What Are Causes of Chemical Reactions?


Collisions

When two molecules collide with the right orientation and sufficient force, a chemical reaction may result. Not all collisions cause reactions, however; the atoms or molecules must be able to recombine to form new compounds. Helium atoms, for instance, are inert; they will not react with other gases because their outermost electron shell is already full.

Breaking bonds between atoms takes up energy, while forming new bonds releases energy. If a combination of two atoms has lower energy than the individual atoms, the compound these atoms form is stable. We can use thermodynamics to predict whether such a reaction will occur.

Entropy

Entropy is a measure of disorder. The Second Law of Thermodynamics holds that the entropy of a closed system can never decrease. If a reaction increases the total entropy of the system and its surroundings, the reaction will be spontaneous. Reactions that are not spontaneous only occur when coupled with a spontaneous reaction, or as a result of doing work on a system (i.e., by expending energy, which causes an increase in net entropy). Consequently, the total entropy of the universe always increases.

As an example, your body powers reactions that are not spontaneous (e.g., protein synthesis) using reactions that release energy and cause a large increase in total entropy (e.g., glucose metabolism).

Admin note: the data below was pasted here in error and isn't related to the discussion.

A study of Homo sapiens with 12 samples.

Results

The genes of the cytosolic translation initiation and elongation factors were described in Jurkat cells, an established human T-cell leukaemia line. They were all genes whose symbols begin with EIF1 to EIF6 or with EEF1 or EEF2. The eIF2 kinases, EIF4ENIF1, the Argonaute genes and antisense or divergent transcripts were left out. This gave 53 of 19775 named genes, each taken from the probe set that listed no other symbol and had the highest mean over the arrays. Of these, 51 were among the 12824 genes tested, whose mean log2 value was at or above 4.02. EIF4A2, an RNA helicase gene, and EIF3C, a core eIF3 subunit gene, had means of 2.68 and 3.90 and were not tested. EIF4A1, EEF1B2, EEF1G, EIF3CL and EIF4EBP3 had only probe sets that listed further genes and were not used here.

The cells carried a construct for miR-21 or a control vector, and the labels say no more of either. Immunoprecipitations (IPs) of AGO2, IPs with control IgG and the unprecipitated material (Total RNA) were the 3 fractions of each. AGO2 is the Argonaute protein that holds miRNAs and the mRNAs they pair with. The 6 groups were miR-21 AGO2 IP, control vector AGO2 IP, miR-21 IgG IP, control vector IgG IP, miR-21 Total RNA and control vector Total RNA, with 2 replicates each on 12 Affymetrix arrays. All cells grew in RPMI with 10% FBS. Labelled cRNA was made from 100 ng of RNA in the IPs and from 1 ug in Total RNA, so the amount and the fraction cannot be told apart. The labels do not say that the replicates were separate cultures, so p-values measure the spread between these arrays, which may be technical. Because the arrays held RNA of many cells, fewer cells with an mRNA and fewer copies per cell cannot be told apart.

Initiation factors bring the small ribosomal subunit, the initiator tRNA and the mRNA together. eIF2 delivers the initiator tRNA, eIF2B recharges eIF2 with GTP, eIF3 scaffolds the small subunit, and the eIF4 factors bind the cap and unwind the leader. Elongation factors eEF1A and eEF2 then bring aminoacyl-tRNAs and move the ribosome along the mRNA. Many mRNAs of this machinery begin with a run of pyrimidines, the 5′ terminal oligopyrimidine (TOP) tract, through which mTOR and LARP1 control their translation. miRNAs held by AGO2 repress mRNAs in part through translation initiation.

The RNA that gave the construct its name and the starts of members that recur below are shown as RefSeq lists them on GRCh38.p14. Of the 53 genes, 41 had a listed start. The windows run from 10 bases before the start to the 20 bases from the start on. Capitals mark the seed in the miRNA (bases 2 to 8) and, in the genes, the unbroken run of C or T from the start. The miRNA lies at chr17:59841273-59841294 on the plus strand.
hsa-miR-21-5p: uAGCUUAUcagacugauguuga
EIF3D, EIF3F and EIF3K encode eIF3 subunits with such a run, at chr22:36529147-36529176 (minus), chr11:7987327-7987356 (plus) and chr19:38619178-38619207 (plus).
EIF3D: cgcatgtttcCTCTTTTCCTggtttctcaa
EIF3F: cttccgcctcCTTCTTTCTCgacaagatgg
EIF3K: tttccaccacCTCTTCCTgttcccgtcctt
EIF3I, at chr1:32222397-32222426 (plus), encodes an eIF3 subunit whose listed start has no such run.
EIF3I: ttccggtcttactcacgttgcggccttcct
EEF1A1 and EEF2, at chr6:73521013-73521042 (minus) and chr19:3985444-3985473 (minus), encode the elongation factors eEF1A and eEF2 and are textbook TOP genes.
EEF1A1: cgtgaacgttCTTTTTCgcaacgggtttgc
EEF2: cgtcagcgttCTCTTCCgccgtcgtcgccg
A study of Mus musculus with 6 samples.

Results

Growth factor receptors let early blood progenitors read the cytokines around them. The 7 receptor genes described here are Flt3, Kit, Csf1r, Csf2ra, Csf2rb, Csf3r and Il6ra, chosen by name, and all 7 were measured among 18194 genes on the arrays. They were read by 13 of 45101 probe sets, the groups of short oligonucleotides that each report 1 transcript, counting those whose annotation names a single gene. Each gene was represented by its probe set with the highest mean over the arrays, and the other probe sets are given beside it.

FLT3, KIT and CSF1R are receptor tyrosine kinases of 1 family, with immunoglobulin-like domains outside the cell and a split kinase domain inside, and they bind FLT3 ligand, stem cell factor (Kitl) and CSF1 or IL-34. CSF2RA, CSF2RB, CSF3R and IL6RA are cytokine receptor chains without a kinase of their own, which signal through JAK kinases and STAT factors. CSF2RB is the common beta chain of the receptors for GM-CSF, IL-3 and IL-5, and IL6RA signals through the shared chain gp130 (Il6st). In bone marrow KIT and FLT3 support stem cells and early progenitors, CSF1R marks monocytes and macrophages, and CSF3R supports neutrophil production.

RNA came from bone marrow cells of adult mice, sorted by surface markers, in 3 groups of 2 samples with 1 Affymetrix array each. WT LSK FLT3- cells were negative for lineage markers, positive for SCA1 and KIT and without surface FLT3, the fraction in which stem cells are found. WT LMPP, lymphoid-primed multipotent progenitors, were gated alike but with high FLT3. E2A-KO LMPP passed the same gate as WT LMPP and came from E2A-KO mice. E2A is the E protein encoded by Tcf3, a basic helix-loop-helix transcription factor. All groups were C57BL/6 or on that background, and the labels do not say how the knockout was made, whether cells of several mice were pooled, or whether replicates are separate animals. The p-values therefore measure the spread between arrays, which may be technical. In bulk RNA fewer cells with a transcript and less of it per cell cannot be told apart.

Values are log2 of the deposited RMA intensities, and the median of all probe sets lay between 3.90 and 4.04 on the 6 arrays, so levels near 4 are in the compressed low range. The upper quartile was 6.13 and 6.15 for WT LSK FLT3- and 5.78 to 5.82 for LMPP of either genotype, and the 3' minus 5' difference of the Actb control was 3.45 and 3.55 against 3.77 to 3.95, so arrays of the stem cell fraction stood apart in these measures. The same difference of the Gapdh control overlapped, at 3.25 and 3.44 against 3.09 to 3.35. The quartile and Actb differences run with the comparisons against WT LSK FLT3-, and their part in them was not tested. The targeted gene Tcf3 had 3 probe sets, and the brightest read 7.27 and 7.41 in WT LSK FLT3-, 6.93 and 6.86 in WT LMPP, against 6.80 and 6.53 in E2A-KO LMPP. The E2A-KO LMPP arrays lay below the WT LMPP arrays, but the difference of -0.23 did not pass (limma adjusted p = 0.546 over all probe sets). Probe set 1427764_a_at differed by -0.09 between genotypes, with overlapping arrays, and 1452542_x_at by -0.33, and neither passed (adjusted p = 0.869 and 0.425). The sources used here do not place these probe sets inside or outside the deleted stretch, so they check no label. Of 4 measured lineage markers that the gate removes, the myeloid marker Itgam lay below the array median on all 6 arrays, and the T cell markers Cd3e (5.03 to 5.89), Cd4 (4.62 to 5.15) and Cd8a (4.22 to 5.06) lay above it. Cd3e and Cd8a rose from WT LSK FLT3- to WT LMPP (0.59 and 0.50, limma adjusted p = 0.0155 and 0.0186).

Total entropy is difficult to measure, so chemists predict whether reactions will be spontaneous by calculating the Gibbs free energy, which they define as the heat absorbed by a reaction at constant pressure, minus the temperature, multiplied the change in entropy of the system. A negative Gibbs free energy indicates a spontaneous reaction.

Equilibrium

The fact that a reaction is spontaneous doesn't always mean it happens rapidly. The reactions between the carbon atoms in diamond are spontaneous, but these reactions are so slow that diamonds last a very long time.

Reactions can also reach a state of equilibrium; when two opposite reactions occur at an equal rate, there is no net increase in the amount of the product or the reactants. All of these factors—the change in entropy caused by a reaction, the kinetics of the reaction, and the equilibrium point of the reaction—are important in determining whether a reaction will occur and what it will look like.

References

  • "Chemical Principles, The Quest for Insight" (4th Edition); Peter Atkins and Loretta Jones; 2008

About the Author

Based in San Diego, John Brennan has been writing about science and the environment since 2006. His articles have appeared in "Plenty," "San Diego Reader," "Santa Barbara Independent" and "East Bay Monthly." Brennan holds a Bachelor of Science in biology from the University of California, San Diego.